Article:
Stir frying with Wok Hei

Wok hei, a Cantonese phrase that literally means ‘the wok’s breath’, describes the smoky taste obtained when food is cooked in a metal wok over very hot fire. 

The cook holds the wok in one hand and moves it about vigorously over the strong flames. Sometimes, this is done in combination with vigorous spatula action to move the food to the edge of the wok and tossing the food in the air by flicking the wok. The food will also catch some of the leaping flames directly, adding to the smokiness of the food. Mostly, it is about using high heat and a thin wok or one made of metal which is a good conductor to transfer heat to the food quickly.

It is, of course, not easy to cook this way at home, unless you have an outdoor kitchen with a high heat stove. However, you can still achieve it by using a good wok and cooking in smaller batches. I have made delicious fried rice and Hokkien Mee with wok hei without smoking up my kitchen. With skill and common sense, recipes that demand wok hei can be done well at home.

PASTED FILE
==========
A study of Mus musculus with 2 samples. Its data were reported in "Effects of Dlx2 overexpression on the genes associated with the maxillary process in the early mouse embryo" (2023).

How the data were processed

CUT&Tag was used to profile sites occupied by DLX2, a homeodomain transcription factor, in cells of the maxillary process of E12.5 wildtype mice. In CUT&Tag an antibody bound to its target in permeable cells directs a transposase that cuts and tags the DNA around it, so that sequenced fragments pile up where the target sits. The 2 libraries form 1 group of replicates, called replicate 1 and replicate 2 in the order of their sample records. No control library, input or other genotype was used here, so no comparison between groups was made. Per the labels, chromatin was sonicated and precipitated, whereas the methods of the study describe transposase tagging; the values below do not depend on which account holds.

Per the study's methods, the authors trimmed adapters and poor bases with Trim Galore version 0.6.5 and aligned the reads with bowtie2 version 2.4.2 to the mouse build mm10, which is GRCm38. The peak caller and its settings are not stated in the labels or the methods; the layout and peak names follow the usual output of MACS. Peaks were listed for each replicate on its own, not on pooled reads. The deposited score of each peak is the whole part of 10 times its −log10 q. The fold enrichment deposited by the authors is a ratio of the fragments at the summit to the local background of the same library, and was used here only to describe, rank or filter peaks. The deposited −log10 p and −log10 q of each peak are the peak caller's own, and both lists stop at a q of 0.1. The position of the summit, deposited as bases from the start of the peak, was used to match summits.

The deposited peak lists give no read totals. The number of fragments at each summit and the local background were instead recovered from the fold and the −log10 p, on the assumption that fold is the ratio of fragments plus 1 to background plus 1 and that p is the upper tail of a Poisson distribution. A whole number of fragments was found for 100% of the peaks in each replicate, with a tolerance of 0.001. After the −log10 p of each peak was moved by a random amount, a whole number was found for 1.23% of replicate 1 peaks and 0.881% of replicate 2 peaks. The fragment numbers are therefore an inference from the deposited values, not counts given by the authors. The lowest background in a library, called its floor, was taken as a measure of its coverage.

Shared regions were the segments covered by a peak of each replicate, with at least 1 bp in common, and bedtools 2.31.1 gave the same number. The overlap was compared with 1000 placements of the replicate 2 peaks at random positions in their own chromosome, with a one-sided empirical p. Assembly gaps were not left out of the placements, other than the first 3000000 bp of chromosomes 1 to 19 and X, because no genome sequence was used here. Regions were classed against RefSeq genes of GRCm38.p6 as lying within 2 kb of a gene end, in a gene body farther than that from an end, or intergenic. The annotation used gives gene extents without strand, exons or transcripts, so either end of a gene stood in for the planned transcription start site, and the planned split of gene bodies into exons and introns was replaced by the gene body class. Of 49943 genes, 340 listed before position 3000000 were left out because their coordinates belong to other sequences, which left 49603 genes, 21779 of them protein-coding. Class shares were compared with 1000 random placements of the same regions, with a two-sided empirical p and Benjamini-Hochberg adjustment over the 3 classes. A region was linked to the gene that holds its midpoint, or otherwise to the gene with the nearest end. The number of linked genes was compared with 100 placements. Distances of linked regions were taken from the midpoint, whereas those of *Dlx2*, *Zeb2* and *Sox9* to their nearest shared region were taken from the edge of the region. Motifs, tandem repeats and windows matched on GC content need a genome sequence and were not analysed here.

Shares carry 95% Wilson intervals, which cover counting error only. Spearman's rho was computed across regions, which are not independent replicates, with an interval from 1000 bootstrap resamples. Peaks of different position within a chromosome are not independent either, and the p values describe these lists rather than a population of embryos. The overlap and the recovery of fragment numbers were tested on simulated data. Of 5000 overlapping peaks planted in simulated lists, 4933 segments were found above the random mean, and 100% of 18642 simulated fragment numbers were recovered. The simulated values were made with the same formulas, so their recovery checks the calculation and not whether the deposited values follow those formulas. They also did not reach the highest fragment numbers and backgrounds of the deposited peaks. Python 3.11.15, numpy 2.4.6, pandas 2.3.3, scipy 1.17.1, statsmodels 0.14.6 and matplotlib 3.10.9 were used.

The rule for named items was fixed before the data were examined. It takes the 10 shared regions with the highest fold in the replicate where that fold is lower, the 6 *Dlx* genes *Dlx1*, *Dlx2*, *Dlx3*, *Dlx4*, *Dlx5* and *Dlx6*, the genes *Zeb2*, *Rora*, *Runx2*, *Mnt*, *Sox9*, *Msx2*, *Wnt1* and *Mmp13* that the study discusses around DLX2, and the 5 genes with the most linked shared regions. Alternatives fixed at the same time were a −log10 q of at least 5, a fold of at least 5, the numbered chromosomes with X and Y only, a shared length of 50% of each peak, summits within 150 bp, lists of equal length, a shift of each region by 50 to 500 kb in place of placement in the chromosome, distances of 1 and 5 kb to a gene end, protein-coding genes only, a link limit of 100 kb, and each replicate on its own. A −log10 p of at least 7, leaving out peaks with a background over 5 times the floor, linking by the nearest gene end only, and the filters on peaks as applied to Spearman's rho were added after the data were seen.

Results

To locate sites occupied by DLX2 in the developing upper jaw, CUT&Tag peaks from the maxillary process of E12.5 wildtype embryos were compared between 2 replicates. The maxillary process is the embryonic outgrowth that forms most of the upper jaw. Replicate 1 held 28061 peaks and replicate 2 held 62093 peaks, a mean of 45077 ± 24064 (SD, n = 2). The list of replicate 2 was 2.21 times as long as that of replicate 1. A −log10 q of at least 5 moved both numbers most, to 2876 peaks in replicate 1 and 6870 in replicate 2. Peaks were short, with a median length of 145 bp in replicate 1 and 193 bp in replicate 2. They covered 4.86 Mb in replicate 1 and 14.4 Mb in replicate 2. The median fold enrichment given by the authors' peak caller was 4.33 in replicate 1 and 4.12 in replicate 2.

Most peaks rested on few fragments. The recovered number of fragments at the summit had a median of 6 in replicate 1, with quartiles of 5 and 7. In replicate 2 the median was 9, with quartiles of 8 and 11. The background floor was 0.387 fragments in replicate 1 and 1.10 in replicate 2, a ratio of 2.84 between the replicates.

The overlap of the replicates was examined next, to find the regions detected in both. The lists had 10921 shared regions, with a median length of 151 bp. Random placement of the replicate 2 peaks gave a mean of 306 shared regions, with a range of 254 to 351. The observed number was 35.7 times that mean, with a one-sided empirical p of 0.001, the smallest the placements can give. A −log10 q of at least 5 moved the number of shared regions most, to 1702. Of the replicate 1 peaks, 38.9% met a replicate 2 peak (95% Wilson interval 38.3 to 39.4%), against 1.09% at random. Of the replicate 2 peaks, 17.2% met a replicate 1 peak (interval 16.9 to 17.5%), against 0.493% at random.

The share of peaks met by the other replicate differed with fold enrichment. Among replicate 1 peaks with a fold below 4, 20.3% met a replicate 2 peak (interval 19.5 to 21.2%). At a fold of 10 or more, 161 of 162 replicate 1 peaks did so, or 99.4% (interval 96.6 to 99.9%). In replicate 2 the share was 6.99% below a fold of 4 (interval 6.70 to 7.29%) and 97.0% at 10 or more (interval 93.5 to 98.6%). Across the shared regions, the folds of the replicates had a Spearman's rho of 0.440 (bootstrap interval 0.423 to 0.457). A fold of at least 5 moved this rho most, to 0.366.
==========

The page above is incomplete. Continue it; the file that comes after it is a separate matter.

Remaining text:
A two-phase cooking technique may be needed for some fried dishes. Seafood like crabs and prawns may need to be deep fried before being stir fried in a sauce. Seafood needs to be cooked quickly to prevent the meat from flailing – the cooked part of the meat breaking off from the uncooked part – or going mushy. By deep frying first, oil is used to increase the heat to the food to ensure quick and even cooking before it is flavoured with a sauce through stir frying.

Quite apart from the wok hei, a wok is a very good cooking tool. It is easy to cook big batches of vegetables or noodles with it as the large surface area allows for easy movement and good heat contact.